Charity Commission guidance to assist the charity sector during the Covid-19 coronavirus pandemic crisis.

As the UK Government introduces new measures in an attempt to tackle the coronavirus (Covid-19) pandemic, the Charity Commission has released guidance to assist the charity sector during these unprecedented times.

In addition to reassuring the sector that their approach to regulation during this uncertain period will be as flexible and pragmatic as possible, the Commission addresses their most commonly asked questions, including:

Can I use reserves and restricted funds to help my charity through the crisis?

The Commission advises trustees to review their short, medium and longer-term priorities, and consider whether they need to amend their financial planning given the current situation. Trustees are encouraged in particular to think about whether certain projects can be delayed in order to focus on essential spending.

Whilst advising that reserves can be spent to help cope with unexpected events like those unfolding at present, trustees are advised by the Commission to identify which of their funds or assets have limits on their use. If funds held by a charity are ‘restricted funds’, then they may only be used for a particular and defined purpose.

If there are restrictions, in some instances, there may be ways to amend them, but the Commission advises that accessing or releasing restricted funds should only be considered following careful consideration of the wider and longer-term impacts, and only when other options, such as reserves, are not possible. Trustees are encouraged to seek professional advice on this.

The Commission also reminds charities that all decisions on such financial matters should normally be taken collectively, with significant decisions and action points noted in writing. The Commission has more detailed guidance on financial resilience; on charity reserves; and a general tool to help trustees work out what to focus on, on their website.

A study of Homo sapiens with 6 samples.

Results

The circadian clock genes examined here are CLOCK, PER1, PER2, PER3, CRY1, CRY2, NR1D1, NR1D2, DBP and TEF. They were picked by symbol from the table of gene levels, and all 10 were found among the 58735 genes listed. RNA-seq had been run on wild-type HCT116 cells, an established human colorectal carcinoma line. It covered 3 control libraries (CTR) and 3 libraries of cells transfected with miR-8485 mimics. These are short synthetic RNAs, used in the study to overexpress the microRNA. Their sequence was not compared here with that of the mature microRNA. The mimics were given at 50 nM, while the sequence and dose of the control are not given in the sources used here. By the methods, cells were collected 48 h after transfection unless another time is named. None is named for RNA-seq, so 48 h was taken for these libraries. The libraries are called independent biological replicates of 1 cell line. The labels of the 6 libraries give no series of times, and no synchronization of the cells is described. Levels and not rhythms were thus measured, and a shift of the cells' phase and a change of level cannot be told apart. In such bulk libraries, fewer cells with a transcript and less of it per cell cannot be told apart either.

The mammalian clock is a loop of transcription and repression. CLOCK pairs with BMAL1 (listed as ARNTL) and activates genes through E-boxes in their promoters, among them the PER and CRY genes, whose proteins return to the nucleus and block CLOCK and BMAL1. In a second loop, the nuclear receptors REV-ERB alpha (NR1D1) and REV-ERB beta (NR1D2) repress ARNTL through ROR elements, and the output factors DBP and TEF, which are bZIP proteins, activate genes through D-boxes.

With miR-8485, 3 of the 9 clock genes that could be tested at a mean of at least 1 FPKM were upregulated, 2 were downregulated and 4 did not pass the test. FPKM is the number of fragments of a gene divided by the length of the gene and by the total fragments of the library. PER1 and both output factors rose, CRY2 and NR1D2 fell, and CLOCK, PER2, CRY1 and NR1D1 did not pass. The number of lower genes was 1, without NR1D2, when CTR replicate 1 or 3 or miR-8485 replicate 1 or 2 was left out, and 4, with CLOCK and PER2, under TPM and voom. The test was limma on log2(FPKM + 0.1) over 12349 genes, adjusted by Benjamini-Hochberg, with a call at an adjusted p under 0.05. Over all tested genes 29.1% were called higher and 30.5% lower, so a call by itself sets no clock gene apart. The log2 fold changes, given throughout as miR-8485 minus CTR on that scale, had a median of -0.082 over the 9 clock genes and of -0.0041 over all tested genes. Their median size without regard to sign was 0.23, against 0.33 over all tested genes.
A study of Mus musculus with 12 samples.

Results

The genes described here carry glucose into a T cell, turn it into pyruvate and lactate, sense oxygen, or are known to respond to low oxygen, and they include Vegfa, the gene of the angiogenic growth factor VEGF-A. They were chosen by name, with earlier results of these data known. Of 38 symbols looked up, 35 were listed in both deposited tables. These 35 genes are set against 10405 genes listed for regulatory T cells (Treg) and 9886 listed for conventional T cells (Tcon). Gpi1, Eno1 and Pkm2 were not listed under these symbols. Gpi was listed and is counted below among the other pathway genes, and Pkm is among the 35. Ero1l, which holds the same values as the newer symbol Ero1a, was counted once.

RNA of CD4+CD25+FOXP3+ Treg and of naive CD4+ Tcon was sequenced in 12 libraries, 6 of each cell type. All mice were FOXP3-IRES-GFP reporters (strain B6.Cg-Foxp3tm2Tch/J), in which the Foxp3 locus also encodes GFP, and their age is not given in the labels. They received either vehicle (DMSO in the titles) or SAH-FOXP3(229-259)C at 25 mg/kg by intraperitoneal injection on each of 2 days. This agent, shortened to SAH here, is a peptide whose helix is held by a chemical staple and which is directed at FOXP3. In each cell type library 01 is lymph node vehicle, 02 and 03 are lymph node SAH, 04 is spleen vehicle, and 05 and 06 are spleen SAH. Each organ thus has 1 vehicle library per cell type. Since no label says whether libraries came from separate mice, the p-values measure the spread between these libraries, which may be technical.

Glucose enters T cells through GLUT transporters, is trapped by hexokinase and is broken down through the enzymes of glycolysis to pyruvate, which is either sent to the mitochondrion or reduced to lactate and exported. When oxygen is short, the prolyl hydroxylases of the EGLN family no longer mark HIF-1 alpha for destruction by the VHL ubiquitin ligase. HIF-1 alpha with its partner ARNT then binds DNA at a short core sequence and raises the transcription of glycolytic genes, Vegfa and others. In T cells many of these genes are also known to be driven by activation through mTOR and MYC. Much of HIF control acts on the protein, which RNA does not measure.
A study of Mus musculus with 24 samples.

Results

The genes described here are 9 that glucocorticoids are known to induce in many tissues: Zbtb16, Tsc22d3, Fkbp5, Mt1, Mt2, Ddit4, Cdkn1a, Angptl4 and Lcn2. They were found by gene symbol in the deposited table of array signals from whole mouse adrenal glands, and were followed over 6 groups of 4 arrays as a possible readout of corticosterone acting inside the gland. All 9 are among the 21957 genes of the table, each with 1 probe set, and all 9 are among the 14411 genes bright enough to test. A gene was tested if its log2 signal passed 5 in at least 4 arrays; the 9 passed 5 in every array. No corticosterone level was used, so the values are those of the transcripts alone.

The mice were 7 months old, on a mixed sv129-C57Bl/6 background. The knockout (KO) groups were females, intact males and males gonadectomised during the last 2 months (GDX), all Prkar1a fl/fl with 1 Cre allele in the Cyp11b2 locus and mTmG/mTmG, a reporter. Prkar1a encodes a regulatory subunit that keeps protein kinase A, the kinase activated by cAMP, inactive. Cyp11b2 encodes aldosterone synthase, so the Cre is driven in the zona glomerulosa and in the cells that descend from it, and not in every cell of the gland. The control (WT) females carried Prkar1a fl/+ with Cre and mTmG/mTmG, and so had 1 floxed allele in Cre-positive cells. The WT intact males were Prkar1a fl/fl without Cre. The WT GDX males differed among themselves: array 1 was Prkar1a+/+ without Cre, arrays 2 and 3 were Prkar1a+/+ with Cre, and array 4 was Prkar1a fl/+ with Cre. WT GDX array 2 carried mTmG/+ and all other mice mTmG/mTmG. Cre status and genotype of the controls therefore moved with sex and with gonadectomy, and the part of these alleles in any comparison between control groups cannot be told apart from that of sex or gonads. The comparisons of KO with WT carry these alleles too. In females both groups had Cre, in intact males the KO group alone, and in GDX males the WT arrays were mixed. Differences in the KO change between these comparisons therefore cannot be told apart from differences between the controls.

Can I use video, teleconferencing and the internet in place of face-to-face meetings?

The Commission notes that some charities have clauses in their governing documents that allow them to meet virtually or to use telephone facilities and so advises trustees to check their governing document and if there is no provision to see if they can make amendments themselves to facilitate changes as to how meetings are held. Where there is no such clause and trustees decide to hold meetings over the phone or using digital solutions, the Commission has advised they will be understanding of such a decision. However, trustees should record any such decision to hold a telephone or digital meeting and the fact that it has been made to demonstrate good governance.

What do I need to report to the Charity Commission?

The Commission reaffirms that both a Charities’ and the Commission’s primary interest must be looking after the public and the communities that they serve. It, therefore, remains the responsibility of charity trustees to continue to report serious incidents to the Commission using current guidelines.

You can read the Commission’s full guidance here: Coronavirus (COVID-19) guidance for the charity sector.

If you require advice on the use of charity funds, charity governance or any other matter relating to charity law and regulation please get in touch with our specialist Charities and Social Enterprise team, using the enquiry form or telephone number provided on this page.

As a full-service law firm, we provide charities with the full spectrum of legal advice, including advice on employment law, safeguarding, property and debt recovery.

If you are worried your business has made mistake in the uptake and implementation of the coronavirus job retention scheme (CJRS) or are facing a potential Furlough Fraud investigation by HMRC, our team of specialist Furlough Fraud Lawyers can offer you tailored legal advice and specialist representation.

Please note this information is provided by way of example and may not be complete and is certainly not intended to constitute legal advice. You should take bespoke advice for your circumstances.